Compare any two graphics cards:
GeForce GT 240 GDDR5 vs Radeon HD 7750
IntroThe GeForce GT 240 GDDR5 features core clock speeds of 550 MHz on the GPU, and 850 MHz on the 512 MB of GDDR5 RAM. It features 96 SPUs along with 32 Texture Address Units and 8 Rasterization Operator Units.
Compare those specs to the Radeon HD 7750, which comes with core speeds of 800 MHz on the GPU, and 1125 MHz on the 1024 MB of GDDR5 RAM. It features 512 SPUs as well as 32 TAUs and 16 ROPs.
(No game benchmarks for this combination yet.)
Power Usage and Theoretical Benchmarks
Power Consumption (Max TDP)
Performance-wise, the Radeon HD 7750 should theoretically be quite a bit better than the GeForce GT 240 GDDR5 overall. (explain)
Texel RateThe Radeon HD 7750 will be a lot (about 45%) better at anisotropic filtering than the GeForce GT 240 GDDR5. (explain)
Pixel RateIf running with lots of anti-aliasing is important to you, then the Radeon HD 7750 is the winner, by a large margin. (explain)
Please note that the above 'benchmarks' are all just theoretical - the results were calculated based on the card's specifications, and real-world performance may (and probably will) vary at least a bit.
Please note that the price comparisons are based on search keywords - sometimes it might show cards with very similar names that are not exactly the same as the one chosen in the comparison. We do try to filter out the wrong results as best we can, though.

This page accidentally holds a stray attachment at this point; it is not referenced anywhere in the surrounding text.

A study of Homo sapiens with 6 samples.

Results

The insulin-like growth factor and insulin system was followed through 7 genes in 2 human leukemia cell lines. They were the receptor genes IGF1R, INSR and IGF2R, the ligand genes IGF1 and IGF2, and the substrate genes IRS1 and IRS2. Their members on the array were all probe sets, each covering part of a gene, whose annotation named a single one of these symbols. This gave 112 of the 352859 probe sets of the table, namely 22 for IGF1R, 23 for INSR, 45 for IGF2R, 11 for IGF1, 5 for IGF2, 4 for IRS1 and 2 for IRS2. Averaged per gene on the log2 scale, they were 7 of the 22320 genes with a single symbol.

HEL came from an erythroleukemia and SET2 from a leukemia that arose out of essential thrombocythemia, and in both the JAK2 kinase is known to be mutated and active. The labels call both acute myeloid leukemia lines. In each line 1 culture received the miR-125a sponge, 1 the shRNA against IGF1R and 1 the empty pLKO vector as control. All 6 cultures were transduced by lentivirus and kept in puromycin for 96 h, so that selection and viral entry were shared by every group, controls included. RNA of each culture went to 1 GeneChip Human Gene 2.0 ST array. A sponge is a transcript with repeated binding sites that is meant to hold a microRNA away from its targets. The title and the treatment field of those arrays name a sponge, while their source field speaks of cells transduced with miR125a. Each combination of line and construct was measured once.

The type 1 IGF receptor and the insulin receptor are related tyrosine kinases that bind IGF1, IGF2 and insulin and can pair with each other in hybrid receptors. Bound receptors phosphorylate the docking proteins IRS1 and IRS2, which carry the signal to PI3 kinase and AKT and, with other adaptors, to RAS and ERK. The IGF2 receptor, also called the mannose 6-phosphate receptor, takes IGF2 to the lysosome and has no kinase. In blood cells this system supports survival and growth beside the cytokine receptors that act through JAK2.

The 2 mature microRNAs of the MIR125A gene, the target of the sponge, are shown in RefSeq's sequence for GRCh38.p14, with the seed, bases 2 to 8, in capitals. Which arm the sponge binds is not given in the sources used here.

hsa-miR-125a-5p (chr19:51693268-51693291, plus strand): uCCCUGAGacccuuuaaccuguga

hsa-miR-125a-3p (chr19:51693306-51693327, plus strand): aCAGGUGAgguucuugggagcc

Memory Bandwidth: Bandwidth is the maximum amount of data (measured in MB per second) that can be transported past the external memory interface within a second. It is calculated by multiplying the card's bus width by the speed of its memory. In the case of DDR RAM, it should be multiplied by 2 again. If it uses DDR5, multiply by 4 instead. The higher the memory bandwidth, the faster the card will be in general. It especially helps with anti-aliasing, High Dynamic Range and high resolutions.
Texel Rate: Texel rate is the maximum amount of texture map elements (texels) that can be processed in one second. This number is calculated by multiplying the total amount of texture units by the core clock speed of the chip. The better the texel rate, the better the video card will be at texture filtering (anisotropic filtering - AF). It is measured in millions of texels applied per second.
Pixel Rate: Pixel rate is the maximum amount of pixels that the graphics card could possibly write to its local memory in a second - measured in millions of pixels per second. Pixel rate is worked out by multiplying the amount of colour ROPs by the the card's clock speed. ROPs (Raster Operations Pipelines - sometimes also referred to as Render Output Units) are responsible for drawing the pixels (image) on the screen. The actual pixel output rate also depends on many other factors, especially the memory bandwidth - the lower the bandwidth is, the lower the ability to get to the max fill rate.